Joseph B. Fraser Jr. at the 2008 Verizon Heritage on Hilton Head Island.
Joseph B. Fraser Jr. at the 2008 Verizon Heritage on Hilton Head Island. Staff photo

Joseph B. Fraser Jr., who with his brother, Charles, shaped modern Hilton Head Island, died Thursday night.

He was 88.

Fraser died of natural causes at Bloom at Belfair senior living community in greater Bluffton. His health had been in steady decline during the past year, his son, Joseph Fraser III, said.

Along with his brother, Joseph Fraser Jr. was a guiding force in Hilton Head's evolution from a sparsely-populated forest into a busy island community. He also was instrumental in starting the island's signature sporting event, the Heritage Classic golf tournament, in 1969.

For many years, he played the quiet foil to the outspoken Charles Fraser. The pair developed Sea Pines Plantation, a carefully planned, environmentally-sensitive community on more than 5,000 acres at the island's south end.

Charles was the visionary and Joseph took a more hands-on approach, according to those who knew him.

He was a homebuilder and a corporate officer in charge of day-to-day operations at the family-owned Sea Pines Plantation Co. He also designed buildings and entire communities. The plans for Hilton Head Plantation were developed on his dining room table.

"It fell to Dad to plan, to design, to operate," his son, Simon Fraser, said. "He naturally gravitated toward the land-planning side."

Born on Jan. 27, 1926, in Hinesville, Ga., Joseph Fraser served in the U.S. Army during World War II and graduated from the University of Georgia with a marketing degree.

In 1964, Fraser left his father's lumber business in Hinesville to work with Charles Fraser on Hilton Head Island. He became senior vice president for Sea Pines Plantation and was elected to the Sea Pines Co. board of directors in 1965.

Charles Fraser had founded the Sea Pines Co. in 1956 and pushed to connect Hilton Head to the mainland with a bridge built the same year.

The land-use concepts Charles Fraser applied in Sea Pines were ahead of their time, but the foresight to encode his idea for a "contractual community" in restrictive covenants was perhaps his most lasting contribution.

Like Charles, Joseph sought to balance the community's natural beauty with development.He pushed to set back housing from the beach to preserve the dunes and articulated the community's tree standards, according to Thomas Norby, who grew up with Joseph Fraser in Hinesville and worked for him at Sea Pines.

"His philosophy was to maintain the elements that made the island what it is," Norby said.An intelligent executive who led by example, he also was kind.

He saved land from a development near Palmetto Bay for Norby to build his first house. In the 1970s, when an employee's parents' house burned down in Walterboro, Fraser quickly shipped trucks of furniture to outfit the couple's new home, Norby said.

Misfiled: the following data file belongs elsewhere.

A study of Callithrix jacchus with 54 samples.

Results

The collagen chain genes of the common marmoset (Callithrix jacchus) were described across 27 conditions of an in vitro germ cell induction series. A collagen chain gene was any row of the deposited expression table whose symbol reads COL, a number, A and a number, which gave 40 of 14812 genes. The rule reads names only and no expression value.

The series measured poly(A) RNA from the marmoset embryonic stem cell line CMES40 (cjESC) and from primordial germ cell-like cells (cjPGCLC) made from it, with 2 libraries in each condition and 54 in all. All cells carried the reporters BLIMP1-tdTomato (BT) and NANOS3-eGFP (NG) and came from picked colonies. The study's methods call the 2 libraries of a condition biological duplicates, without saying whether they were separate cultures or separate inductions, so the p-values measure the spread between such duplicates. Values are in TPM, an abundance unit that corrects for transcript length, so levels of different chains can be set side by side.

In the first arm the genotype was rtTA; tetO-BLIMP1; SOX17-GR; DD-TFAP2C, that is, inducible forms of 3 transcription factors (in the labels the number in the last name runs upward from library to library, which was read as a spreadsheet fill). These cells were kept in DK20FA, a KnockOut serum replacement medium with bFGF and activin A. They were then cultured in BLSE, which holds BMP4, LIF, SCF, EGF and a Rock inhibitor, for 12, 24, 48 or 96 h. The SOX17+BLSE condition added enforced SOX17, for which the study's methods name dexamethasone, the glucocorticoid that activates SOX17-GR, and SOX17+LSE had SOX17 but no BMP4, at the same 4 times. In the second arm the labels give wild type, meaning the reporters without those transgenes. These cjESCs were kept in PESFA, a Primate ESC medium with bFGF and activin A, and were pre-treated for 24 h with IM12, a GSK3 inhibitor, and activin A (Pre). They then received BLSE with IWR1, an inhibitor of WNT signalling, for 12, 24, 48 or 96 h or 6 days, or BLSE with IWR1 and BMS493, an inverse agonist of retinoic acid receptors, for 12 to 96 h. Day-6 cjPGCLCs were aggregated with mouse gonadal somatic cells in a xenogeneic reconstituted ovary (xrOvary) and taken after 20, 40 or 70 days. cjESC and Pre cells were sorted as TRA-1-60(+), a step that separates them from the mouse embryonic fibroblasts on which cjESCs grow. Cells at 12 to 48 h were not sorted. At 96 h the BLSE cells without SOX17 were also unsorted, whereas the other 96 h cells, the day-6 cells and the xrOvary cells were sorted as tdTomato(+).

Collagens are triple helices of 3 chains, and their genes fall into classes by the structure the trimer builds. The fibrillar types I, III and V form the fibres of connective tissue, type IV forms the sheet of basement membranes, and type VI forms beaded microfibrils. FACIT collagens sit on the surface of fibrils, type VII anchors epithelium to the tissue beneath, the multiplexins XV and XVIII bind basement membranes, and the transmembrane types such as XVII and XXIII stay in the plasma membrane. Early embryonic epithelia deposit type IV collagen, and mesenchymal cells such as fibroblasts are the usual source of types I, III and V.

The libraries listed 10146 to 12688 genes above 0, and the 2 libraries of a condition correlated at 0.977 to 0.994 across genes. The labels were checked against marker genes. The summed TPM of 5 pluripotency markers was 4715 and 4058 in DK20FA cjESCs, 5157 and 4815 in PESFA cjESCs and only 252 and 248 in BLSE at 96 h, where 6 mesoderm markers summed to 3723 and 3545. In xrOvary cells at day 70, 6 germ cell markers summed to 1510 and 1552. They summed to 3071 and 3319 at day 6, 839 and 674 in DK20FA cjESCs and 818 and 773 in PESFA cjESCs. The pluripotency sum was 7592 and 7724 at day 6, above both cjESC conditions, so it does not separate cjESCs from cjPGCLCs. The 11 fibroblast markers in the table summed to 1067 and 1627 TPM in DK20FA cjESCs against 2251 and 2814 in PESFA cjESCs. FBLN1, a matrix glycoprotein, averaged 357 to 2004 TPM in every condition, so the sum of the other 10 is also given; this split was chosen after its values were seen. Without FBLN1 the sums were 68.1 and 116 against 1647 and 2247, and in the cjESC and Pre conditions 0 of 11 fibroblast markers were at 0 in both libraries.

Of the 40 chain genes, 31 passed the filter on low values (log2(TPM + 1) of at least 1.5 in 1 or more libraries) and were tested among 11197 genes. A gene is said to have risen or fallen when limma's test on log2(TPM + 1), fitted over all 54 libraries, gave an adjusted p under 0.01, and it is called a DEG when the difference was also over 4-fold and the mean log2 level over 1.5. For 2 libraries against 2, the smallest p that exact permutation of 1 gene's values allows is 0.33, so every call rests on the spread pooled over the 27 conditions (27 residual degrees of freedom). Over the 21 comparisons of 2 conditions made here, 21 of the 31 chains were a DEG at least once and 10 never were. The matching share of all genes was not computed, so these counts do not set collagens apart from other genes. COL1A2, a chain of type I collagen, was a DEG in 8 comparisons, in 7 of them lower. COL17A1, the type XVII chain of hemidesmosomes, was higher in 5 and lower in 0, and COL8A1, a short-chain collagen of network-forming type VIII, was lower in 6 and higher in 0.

"He was a man of uncommon grace and humility," said David Ames, who worked with Fraser as a Sea Pines executive. "It drew people to him."

Fraser left the company in 1974 but returned to the board as vice chairman in 1977. His involvement with the company included land planning, development and community services. He was also chairman of the company's architectural-review board and the company's liaison with property owners.

Along with Charles, he worked to start the Heritage Classic golf tournament. The event is now known as the RBC Heritage Presented by Boeing and is played each April at Harbour Town Golf Links in Sea Pines.

The Fraser brothers managed the PGA Tour tournament from its inception in 1969 until 1982. Joseph Fraser later became head of the Heritage Classic Foundation, the nonprofit group that now runs the tournament.

In 2002, Joseph Fraser became the third recipient of the Distinguished Service Award, given by the PGA Tour Tournaments Association. He was selected because he spent more than three decades in volunteer service to the tournament and was committed to the event's many charitable endeavors, tournaments association executive director Suzanne Bhole said at the time.

Fraser's work with the Heritage Classic Foundation helped save the tournament from financial trouble in the 1980s.

"What he's done for this tournament ... we wouldn't be here talking today if he hadn't stuck his neck out," tournament director Steve Wilmot said.

In addition to his service to the first Hilton Head Homebuilders Association, Fraser was a member of the S.C. Parks, Recreation and Tourism Commission, a member of St. Luke's Church and the namesake of Hilton Head Preparatory School's 20,600-square-foot field house, for which he raised millions of dollars in 2006. He also was active in sailing and sport fishing.

At Charles Fraser's funeral in December 2002, Joseph Fraser spoke of their days growing up in a lumber family in Hinesville and the lessons their parents taught them about faith, family and stewardship.

"When I come here, I am overcome with emotion because there is no finer example of his development and his design approach than the Harbour Town Lighthouse and the Liberty Oak," he said.

Asked in 2006 about his contributions to the island -- particularly in developing Sea Pines -- Joseph Fraser was, as usual, a man of few words: "It was a good plan."

He was preceded in death by his first wife, Carolyn Bexley Fraser. He is survived by his wife, Jean O'Keeffe Fraser; sons Joseph B. Fraser III of Bluffton, Charles B. Fraser and J. Simon Fraser of Hilton Head, J. West Fraser of Charleston, and daughter Carolyn B. Fraser of Charleston.

A memorial service will be at 3 p.m. Monday at St. Luke's Church on Hilton Head.

Follow reporter Dan Burley at twitter.com/IPBG_Dan.